Having a home office makes sense even for those of us who report to an office every day.
The day will come when you need to be out to meet a repairman, nurse a sick kid, or wait for a winter storm’s ice to thaw from the roads.
Working from home is part of a culture shift. Telecommuting grew by about 80 percent between 2005 and 2012, according to a report from Global Workplace Analytics.
And the more we work from home, the more money we can expect to save on gas, food, and maybe dry cleaning and coffee drinks.
Most employers see the benefits, but for other reasons. Flexibility for at least occasional telecommuting can serve businesses well. That was especially true after major winter storms shut down offices in the Northeast for long stretches, said Brie Reynolds, director of online content for FlexJobs, a service for finding and posting remote and flexible jobs.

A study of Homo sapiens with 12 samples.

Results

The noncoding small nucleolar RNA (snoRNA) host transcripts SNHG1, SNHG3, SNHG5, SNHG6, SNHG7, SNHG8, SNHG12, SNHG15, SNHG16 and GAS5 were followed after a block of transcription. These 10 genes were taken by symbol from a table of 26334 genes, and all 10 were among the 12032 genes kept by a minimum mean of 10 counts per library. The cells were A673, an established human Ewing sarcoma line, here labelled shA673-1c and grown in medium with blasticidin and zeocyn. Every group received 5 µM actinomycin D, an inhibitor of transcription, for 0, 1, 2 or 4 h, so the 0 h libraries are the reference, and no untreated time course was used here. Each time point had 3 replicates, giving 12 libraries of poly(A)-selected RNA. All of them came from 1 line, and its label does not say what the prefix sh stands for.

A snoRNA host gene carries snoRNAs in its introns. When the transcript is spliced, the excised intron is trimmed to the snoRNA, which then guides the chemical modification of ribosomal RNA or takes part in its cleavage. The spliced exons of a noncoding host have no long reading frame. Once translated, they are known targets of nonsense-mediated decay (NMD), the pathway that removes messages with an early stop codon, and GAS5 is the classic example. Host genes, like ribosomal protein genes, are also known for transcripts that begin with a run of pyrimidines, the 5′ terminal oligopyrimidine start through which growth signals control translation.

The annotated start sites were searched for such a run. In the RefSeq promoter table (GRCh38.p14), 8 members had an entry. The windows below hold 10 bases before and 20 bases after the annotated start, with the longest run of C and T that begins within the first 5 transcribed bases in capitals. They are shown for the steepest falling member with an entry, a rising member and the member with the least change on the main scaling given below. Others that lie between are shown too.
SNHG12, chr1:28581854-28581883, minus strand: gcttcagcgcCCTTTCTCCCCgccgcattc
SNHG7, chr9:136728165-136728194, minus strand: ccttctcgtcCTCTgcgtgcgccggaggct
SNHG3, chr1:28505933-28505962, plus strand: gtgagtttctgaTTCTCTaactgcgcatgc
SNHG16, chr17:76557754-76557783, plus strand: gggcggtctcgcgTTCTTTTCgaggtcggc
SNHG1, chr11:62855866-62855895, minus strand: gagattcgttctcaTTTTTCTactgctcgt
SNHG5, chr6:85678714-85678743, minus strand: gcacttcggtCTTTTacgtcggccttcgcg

“Instead of having people home and not working, they (employers) can maintain a basic level of productivity,” Reynolds said.
Here’s what Reynolds suggests for a home office that can sub for corporate cubicle:
▪ High-speed Internet that is secure and stable, whether wired (sometimes preferred) or wireless.
▪ A new-ish desktop or laptop computer. Newer computers tend to have faster processors.
▪ A work area with a door, for times when the dog won’t stop barking.
Karen’s blog: www.charlotteobserver.com/living/home-garden/smarter-living/homelife-blog/; on Twitter @sullivan_kms. See earlier Homelife columns at http://homelifeclt.blogspot.com.